Welcome to a weekly classic movies column here on Nerdist.com. Each week focuses on a different film considered essential to the cinema’s golden age. Sit back, grab some snacks, and expand your film knowledge with old Hollywood cinema.
A former actor throughout the 1910s, the German-born Ernst Lubitsch gradually set his sights on becoming a film director. His first feature film was made in 1918 and proved to be successful at the German box office. Lubitsch went on to enjoy great success fluctuating between making grand historical dramas and escapist comedies. The director’s reputation grew rapidly, with the New York Times naming three of his films on the list of 15 most important movies of 1921.
In 1922, Lubitsch left Germany and set sail for Hollywood. The famed silent film actress Mary Pickford contracted him as the director for her next movie, Rosita. While the movie was heralded with critical praise and success at the box office, Lubitsch and Pickford fought regularly during filming. His contract was not renewed, and instead the director signed a lucrative, three-year, six-picture deal with Warner Brothers. Lubitsch was guaranteed full control including final cut on his films, and his pick of cast and crew. While at Warner Brothers, the director cemented his role as a filmmaker of sophisticated comedies. However, Lubitsch’s films were only modestly successful. Metro-Goldwyn-Mayer (MGM) bought out the rest of the filmmaker’s contract at Warner Brothers, just as cinema was going through its biggest transition.
As movie theaters installed sound equipment for talkies, Lubitsch seized upon the opportunity to direct a new genre: musicals. These films were hailed as masterpieces by critics, gaining the director a solid foundation of support for his work. Next, Lubitsch directed a string of romantic comedies. In 1935, he was appointed the production manager at Paramount Pictures, the only major Hollywood director running a studio at the time. Lubitsch oversaw the production of sixty different films while simultaneously continuing to produce his own. After only a year on the job, the director was fired from the position (citing problems with assigning responsibility) and returned to filmmaking full-time. Lubitsch returned to MGM in 1939 and after casting famed actress Greta Garbo in her first real comedy film, the filmmaker set his sights on directing what many consider a holiday classic, The Shop Around the Corner.
The Shop Around the Corner is a classic example of a “comedy with manners.” The sentimental romantic-comedy centers around two co-workers, Klara (Margaret Sullavan) and Alfred (Jimmy Stewart), who are employed at a leather goods shop in Budapest, Hungary. Klara and Alfred bicker constantly, never seeing eye to eye on anything. As the film unfolds, it is revealed that the two are unknowingly each other’s pen-pal sweethearts. The pair have been corresponding with each other ever since Alfred came across an anonymous ad (Klara’s) in the newspaper. As Christmas approaches, the pen pals write to each other and plan to actually meet in person for the first time.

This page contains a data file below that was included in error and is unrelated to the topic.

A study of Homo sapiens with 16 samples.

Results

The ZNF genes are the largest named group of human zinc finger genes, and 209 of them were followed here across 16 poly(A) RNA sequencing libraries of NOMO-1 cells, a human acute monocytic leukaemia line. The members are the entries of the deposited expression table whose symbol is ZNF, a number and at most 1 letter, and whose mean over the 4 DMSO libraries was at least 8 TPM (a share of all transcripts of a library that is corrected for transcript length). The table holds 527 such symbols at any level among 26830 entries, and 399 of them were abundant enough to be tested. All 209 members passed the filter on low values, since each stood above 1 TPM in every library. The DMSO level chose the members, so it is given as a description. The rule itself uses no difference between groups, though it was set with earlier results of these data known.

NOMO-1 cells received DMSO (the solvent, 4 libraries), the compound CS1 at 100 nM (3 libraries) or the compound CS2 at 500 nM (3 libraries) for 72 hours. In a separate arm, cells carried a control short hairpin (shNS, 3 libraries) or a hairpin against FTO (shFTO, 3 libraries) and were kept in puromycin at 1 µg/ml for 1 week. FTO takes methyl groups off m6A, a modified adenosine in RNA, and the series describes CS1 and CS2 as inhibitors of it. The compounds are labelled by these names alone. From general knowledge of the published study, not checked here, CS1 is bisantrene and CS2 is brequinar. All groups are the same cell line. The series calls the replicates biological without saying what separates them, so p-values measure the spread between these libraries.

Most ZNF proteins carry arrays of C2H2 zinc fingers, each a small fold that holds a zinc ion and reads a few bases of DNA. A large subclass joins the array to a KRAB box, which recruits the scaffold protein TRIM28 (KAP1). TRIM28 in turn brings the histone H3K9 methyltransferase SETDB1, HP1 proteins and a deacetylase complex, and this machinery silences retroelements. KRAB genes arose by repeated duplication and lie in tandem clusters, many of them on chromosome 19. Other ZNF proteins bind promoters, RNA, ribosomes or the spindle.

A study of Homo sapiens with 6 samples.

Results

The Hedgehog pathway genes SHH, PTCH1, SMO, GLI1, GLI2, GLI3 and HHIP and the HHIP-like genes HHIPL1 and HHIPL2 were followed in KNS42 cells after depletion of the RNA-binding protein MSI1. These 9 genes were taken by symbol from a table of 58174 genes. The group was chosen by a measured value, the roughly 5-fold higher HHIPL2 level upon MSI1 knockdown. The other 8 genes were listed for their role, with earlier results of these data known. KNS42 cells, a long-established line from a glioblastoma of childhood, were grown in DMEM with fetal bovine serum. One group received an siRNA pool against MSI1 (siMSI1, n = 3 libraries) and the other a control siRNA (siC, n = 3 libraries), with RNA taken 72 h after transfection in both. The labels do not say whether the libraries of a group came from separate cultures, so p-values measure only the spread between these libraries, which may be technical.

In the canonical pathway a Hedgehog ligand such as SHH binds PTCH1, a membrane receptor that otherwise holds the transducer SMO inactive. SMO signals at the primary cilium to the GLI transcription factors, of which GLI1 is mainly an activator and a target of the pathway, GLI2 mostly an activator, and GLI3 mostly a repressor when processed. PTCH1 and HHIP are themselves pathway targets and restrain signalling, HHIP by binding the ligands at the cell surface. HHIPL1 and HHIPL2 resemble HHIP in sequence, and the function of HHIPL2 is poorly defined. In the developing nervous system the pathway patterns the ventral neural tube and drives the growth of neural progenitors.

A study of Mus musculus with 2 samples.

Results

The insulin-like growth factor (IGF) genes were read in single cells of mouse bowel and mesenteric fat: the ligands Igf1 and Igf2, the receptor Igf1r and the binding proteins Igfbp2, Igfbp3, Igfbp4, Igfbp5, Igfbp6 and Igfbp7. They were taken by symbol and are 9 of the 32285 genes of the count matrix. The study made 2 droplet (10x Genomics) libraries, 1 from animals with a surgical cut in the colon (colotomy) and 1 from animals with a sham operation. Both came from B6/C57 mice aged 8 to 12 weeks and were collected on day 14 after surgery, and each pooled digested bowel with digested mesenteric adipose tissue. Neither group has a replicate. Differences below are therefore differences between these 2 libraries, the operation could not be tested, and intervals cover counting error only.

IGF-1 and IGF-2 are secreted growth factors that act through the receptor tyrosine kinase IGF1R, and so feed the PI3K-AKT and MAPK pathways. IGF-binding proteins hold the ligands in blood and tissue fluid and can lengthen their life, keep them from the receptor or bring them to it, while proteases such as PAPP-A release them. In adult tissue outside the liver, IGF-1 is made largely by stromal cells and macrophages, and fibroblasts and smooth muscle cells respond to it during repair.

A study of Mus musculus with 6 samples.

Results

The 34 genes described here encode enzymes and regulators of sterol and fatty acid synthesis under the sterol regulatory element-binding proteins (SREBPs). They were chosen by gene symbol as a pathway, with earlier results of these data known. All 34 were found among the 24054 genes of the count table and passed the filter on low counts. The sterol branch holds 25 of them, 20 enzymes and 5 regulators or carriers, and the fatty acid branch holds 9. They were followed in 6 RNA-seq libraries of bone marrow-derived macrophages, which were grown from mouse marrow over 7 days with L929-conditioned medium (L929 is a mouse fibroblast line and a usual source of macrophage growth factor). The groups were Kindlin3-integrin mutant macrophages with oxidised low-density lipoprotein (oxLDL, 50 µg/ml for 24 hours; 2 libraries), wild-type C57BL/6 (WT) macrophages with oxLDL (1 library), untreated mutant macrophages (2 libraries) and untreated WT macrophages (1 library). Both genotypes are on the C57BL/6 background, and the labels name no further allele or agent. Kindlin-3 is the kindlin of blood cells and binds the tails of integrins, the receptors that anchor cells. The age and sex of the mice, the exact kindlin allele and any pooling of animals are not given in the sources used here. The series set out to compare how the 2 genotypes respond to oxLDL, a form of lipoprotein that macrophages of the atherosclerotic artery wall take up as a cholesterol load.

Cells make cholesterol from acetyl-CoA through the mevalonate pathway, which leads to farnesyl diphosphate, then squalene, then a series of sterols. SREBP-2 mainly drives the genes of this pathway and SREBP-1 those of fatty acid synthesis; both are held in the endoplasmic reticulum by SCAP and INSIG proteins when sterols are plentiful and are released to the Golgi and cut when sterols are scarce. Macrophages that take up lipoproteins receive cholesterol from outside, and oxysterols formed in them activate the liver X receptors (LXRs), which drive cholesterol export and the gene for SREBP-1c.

The film itself is an example of what’s known as the “Lubitsch touch” by film historians and critics. Biographer Scott Eyman explained the term as “the comedy of manners and the society in which it transpired, a world of delicate sangfroid, where a breach of sexual or social propriety and the appropriate response are ritualized, but in unexpected ways, where the basest things are discussed in elegant whispers.” The Shop Around the Corner exemplifies this signature style best. Stewart and Sullavan play their roles with great affection and tenderness. The film, adapted from a Hungarian play titled Parfumerie, goes to great lengths to strip itself of glamour and maintain a sense of poise and ordinariness. The two leads play the everyman and woman; their love letters to each other cut through the daily melancholy of life and transform it into something more fulfilling.
Earning $380,000 abroad at a time when American films were performing below expectations in Europe, The Shop Around the Corner became a surprise hit. Although It’s a Wonderful Life may be the most well-known Jimmy Stewart movie, this film went on to inspire countless others. A musical remake of the film, In the Good Old Summertime, was made in 1949 starring Judy Garland. Director Nora Ephron’s much loved rom-com You’ve Got Mail also borrows heavily from The Shop Around the Corner. Lubitsch’s classic romantic comedy combines the two struggles every person goes through: the ideal life vs. reality. The Shop Around the Corner perfectly balances both to achieve something rare in movies, a satisfying and well-deserved happy ending.
All scenes in the film were reportedly shot in sequential order.
Jimmy Stewart and Margaret Sullavan were very good friends for years before making the film. They were both in a summer stock company perviously called the University Players. Stewart realized his potential as an actor while working with them. He followed Sullavan (along with actor Henry Fonda) to New York in hopes of beginning an acting career.
Ernst Lubitsch purchased the rights to the play that The Shop Around the Corner is based on for a mere $7,500.
What’s your favorite holiday film? What other classic films would you like to see in a future column? Drop us your thoughts in the comments below!
Michelle Buchman is the social media manager at Nerdist Industries. She’s also a huge cinephile. Feel free to follow and chat movies with her on Twitter, @michelledeidre.